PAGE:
Press-Republican

Gast

October 20, 2013

Jack O'Lanterns have long history

With Halloween nearly upon us, children everywhere will be carving pumpkins into Jack O’ Lanterns that will welcome trick-or-treaters to their homes on Halloween.

Whether carving the traditional friendly faces and ghoulish grins or something a bit more unusual, creepier or laugh-out-loud funny, creating a Jack O’ Lantern is good old-fashioned fun. For many, it’s a family tradition. But there’s more to the origin than just artistic fun.

Some folks believe the first Jack O’ Lanterns were actually human skulls with candles burning inside them and that they were used ritualistically to keep evil spirits away. Nothing I’ve read indicates that there is any truth to that notion, thank goodness.

The earliest mention of a Jack O’ Lantern I was able to locate dates back to post-medieval Celtic mythology. In Cornish lore, there are five classes of fairies. One, the Cornish Piskies, went about getting wary travelers hopelessly lost and eventually led them into bogs and moors with a ghostly light townsfolk called a will o’ the wisp, or ignis fatuus (the foolish fire). There are only two named Piskies, Joan the Wad and Jack O’ Lantern.

There is a centuries-old tradition of making lanterns from seasonal fruit, flowers and plants arranged around a candle, so as to cause strange shadows. They are known as fairy lanterns and were used to call fairies so they might be seen.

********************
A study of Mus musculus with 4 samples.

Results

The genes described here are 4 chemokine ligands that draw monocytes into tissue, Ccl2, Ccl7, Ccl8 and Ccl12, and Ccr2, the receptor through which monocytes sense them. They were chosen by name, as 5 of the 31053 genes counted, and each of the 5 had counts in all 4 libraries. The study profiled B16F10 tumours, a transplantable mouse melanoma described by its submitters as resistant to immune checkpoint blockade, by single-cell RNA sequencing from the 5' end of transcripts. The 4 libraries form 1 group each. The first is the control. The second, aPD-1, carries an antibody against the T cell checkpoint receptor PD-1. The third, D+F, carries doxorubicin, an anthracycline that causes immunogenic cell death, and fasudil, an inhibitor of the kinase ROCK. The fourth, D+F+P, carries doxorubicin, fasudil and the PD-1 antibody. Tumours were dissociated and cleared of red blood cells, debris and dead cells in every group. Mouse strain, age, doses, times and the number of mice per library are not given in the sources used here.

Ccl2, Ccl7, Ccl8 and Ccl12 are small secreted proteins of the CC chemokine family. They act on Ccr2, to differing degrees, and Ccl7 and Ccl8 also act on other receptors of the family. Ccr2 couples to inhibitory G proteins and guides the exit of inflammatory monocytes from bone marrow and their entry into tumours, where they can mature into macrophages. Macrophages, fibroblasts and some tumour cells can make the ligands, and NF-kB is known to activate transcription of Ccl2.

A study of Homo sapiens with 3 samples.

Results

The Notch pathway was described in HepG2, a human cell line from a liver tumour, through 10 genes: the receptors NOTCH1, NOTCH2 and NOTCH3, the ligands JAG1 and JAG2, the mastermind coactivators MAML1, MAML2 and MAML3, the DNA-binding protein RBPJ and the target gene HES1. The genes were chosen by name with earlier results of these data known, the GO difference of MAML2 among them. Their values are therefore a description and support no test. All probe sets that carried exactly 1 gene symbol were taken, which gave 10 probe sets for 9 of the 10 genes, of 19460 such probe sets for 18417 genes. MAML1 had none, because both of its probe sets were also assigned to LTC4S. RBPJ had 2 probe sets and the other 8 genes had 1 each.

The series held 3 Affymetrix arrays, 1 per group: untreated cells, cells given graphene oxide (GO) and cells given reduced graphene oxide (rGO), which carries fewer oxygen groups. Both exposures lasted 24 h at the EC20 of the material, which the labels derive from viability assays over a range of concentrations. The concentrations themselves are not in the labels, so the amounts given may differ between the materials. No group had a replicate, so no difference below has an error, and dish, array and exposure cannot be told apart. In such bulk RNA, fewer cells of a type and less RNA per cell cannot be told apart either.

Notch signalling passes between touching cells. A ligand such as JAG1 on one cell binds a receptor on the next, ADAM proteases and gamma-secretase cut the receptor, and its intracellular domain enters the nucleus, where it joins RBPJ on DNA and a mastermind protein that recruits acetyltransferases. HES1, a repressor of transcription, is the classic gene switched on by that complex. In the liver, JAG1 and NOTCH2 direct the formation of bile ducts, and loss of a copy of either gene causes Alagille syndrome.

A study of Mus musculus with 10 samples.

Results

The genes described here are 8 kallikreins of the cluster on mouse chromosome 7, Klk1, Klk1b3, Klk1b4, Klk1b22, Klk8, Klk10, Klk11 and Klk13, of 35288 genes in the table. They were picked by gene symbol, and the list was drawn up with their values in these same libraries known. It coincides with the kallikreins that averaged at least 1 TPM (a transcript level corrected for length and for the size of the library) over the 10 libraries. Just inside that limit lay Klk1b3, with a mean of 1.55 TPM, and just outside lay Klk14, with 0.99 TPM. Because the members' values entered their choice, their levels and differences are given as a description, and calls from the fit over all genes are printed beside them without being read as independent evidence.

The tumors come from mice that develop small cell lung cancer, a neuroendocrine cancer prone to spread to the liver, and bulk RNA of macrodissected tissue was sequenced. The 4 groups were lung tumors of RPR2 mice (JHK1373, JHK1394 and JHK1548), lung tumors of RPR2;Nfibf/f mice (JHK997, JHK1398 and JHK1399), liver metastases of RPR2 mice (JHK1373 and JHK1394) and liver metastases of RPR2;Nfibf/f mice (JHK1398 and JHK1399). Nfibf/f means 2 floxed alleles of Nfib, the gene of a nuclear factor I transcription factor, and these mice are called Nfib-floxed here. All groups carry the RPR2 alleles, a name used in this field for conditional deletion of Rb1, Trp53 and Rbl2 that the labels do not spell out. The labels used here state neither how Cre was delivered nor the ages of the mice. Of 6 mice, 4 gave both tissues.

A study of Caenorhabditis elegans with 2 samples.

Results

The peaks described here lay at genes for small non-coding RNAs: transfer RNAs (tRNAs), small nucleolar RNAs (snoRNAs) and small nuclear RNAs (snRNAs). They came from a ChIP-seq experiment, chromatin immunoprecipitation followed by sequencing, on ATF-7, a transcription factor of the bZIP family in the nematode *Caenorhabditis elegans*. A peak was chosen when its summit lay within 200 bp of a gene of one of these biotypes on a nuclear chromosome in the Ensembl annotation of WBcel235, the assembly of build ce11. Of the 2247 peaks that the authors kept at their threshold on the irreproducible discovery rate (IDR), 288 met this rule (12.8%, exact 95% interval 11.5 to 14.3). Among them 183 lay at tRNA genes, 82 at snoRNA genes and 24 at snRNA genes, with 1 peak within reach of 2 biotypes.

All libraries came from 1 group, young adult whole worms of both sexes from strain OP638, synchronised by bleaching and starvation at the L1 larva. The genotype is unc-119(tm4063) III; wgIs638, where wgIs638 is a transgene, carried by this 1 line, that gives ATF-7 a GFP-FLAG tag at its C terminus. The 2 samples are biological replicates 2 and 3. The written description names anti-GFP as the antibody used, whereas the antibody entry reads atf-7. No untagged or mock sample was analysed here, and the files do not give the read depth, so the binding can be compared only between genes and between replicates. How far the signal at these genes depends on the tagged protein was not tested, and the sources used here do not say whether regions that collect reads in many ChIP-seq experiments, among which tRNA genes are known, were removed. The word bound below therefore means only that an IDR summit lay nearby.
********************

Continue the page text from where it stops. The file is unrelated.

An American version of the fairy lantern first appeared in the 1800s. In this autumnal variation, leaves, nuts, fruit and flowers were placed around the candle. These fairy lanterns eventually came to be called Jack O’ Lanterns and, in time, the fruit, nuts and other adornments were removed. In their place, only a carved pumpkin remained.

In Ireland, Jack O’ Lanterns were originally made from hollowed out turnips and may have been made from beets as well. The Irish legend of the first Jack O’ Lantern began in a pub where, on a very dark All Hallows Eve night, a drunken, quick-tempered, miserable old trickster of a blacksmith named Jack found himself seated at the same table as the Devil himself. He told the Devil he was a wee bit short of cash that evening and offered up his soul if only the Devil would change into sixpence so Jack might buy one last drink.